DAVIE, Fla. -- The Miami Dolphins, who face four of the NFL's top quarterbacks in the next month, figured it would be wise to come up with something fast.
So defensive coordinator Kevin Coyle created a package named "speed."
The scheme gets ends Cameron Wake, Olivier Vernon and Dion Jordan into the game together, which gives the Dolphins a formidable pass rush and considerable flexibility. Miami unveiled the alignment in Sunday's season-opening win at Cleveland, and Coyle said it will be used more in the weeks to come.
"We can do a lot of things with those guys on the field," Coyle said. "We had a lot of fast guys on the field with that particular group. We can cover with those guys because they are all athletic; you might have seen Dion dropping into coverage a few times. We just scratched the surface with that."
The speed package is one of many schemes designed to take advantage of the depth and versatility in Miami's defensive front seven, which is the strength of the team. But the group will be sorely tested by the upcoming schedule, beginning Sunday when the Dolphins face Andrew Luck in Indianapolis. Then come Matt Ryan and Atlanta, Drew Brees at New Orleans, and Joe Flacco and Baltimore.
If the Dolphins are still above .500 when that stretch ends, they'll be well-positioned for a run at only their second playoff berth since 2001.
"We aren't going to get a whole lot of sleep here over the next month," Coyle said with a laugh.
The goal is to make sure opposing offensive coordinators don't get much sleep, either. Video of the Dolphins' defensive performance at Cleveland might do the job.
Miami had six sacks, made three interceptions and allowed Cleveland to convert only one of 14 third downs. A swarming defense made life miserable for Brandon Weeden, and the Dolphins will need the same sort of pressure against more proven QBs in the weeks to come.
"We hit the quarterback a bunch of times Sunday," cornerback Brent Grimes said. "Any time you can do that, it will put the halt on a lot of offensive attacks."
The performance was just what Coyle and coach Joe Philbin envisioned from their front seven, starting with strong performances by the ends. Pro Bowler Wake had 2½ sacks, Vernon applied constant pressure from the other side, and first-round draft pick Jordan came off the bench to earn his first NFL sack.
"Our defensive ends are among the most athletic guys there may be in the league," Coyle said. "They aren't the biggest guys, but they are very strong and play with great leverage."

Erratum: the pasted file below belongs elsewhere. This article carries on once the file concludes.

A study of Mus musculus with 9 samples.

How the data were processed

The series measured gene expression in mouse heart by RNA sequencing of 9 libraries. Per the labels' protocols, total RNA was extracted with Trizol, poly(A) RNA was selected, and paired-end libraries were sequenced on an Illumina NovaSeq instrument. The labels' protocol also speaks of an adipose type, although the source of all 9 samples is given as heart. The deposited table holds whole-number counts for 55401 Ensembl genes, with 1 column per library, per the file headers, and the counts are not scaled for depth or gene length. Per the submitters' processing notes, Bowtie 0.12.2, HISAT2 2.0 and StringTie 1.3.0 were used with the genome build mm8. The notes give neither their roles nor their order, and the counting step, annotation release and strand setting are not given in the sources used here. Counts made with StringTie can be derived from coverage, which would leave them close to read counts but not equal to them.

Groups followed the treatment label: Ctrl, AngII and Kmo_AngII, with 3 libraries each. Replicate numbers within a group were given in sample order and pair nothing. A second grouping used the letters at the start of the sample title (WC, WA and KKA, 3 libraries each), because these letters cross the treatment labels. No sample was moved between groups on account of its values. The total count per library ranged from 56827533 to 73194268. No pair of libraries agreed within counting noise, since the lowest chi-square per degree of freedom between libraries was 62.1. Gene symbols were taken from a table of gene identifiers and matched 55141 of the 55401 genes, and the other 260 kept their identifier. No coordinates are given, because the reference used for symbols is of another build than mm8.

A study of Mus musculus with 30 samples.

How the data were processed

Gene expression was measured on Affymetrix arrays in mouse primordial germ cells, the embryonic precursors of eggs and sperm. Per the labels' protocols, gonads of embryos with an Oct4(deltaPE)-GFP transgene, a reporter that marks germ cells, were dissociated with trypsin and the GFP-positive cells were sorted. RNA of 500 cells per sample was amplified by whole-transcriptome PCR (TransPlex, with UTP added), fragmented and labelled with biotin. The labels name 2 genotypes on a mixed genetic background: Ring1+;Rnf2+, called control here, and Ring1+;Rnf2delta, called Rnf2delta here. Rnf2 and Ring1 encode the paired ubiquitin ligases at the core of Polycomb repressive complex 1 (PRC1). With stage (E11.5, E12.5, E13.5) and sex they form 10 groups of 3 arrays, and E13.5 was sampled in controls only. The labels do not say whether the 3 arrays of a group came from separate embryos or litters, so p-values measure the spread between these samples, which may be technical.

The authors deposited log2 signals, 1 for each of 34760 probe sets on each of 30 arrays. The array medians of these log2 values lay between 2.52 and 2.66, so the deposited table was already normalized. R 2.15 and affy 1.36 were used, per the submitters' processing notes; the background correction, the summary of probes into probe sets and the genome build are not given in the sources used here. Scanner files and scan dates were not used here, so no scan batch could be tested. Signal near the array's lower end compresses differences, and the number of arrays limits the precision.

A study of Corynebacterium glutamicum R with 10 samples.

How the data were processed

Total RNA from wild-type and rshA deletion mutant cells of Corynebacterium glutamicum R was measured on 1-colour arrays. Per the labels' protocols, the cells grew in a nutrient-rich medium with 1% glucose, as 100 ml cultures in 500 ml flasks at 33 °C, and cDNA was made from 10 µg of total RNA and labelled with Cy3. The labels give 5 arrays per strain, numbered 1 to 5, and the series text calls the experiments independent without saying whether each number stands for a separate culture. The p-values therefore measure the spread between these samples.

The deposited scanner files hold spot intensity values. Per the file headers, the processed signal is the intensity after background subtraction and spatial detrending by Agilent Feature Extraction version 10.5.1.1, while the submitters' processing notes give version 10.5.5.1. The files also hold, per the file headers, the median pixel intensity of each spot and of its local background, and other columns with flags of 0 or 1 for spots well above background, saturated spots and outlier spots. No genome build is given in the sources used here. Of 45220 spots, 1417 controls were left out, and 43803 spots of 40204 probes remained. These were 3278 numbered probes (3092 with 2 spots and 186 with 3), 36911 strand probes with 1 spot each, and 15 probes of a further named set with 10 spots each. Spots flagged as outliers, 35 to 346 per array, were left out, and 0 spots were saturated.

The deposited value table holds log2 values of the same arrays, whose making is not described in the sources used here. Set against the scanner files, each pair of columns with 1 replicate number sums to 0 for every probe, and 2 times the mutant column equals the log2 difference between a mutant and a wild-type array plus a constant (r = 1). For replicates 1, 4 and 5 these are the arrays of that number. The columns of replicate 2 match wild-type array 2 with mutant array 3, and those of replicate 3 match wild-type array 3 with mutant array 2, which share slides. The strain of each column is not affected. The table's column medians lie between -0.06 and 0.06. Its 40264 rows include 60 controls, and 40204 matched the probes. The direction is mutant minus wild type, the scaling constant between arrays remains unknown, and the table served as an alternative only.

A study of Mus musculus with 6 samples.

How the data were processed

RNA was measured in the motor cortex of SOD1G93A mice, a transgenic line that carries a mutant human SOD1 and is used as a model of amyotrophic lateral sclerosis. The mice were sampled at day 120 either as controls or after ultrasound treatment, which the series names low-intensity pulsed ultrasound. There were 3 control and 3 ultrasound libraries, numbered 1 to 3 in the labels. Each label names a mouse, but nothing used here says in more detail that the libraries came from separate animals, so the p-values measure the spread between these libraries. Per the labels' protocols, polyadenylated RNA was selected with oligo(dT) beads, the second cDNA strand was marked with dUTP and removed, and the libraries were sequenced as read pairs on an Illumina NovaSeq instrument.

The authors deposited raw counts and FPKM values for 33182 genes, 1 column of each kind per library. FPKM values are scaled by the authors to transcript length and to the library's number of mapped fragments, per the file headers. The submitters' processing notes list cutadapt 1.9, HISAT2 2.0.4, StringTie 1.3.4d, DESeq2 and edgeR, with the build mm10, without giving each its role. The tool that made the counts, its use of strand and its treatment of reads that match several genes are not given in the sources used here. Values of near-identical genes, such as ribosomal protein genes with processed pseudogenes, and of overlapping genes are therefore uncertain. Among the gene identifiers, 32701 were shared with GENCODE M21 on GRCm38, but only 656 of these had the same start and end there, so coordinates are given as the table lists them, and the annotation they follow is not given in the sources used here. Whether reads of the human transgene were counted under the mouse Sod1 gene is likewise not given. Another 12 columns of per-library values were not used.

While they controlled the flanks, Jared Odrick, Paul Soliai and Randy Starks dominated inside while rotating at the two tackle spots, and new linebackers Dannell Ellerbe and Philip Wheeler gave Miami more speed and blitzing options at their positions.
Coyle can use a wide variety of personnel combinations -- for example, Odrick might line up at any of the four spots on the line. That makes the Dolphins even more difficult to block.
"We kept some cards in our back pocket throughout the preseason," Wake said. "But when we started this offseason, we looked at our room and we knew we had a lot of guys that can do a lot of things pretty well, not just always line up and do the same thing. We have guys who can stand up, drop, rush the middle, rush the outside.
"All the guys have athletic ability to do a lot of things, and keeping the offense guessing will help our whole team."
Such versatility can keep Coyle guessing, too. He said his options are so appealing it's sometimes tough to choose.
"Did you ever go to Baskin-Robbins?" he asked with a laugh. "Is it a tough call when you are looking at all the different flavors and you want to pick one but you can only have one? Yes."
DT Starks said he regretted making an obscene gesture toward the Dolphins' bench during Sunday's game. He said was joking with teammates and didn't get fined for the gesture. Starks denied being unhappy with his role or contract situation. ... Rookie cornerback Will Davis (toe) and third-string quarterback Pat Devlin (ankle) returned Tuesday after missing practice last week.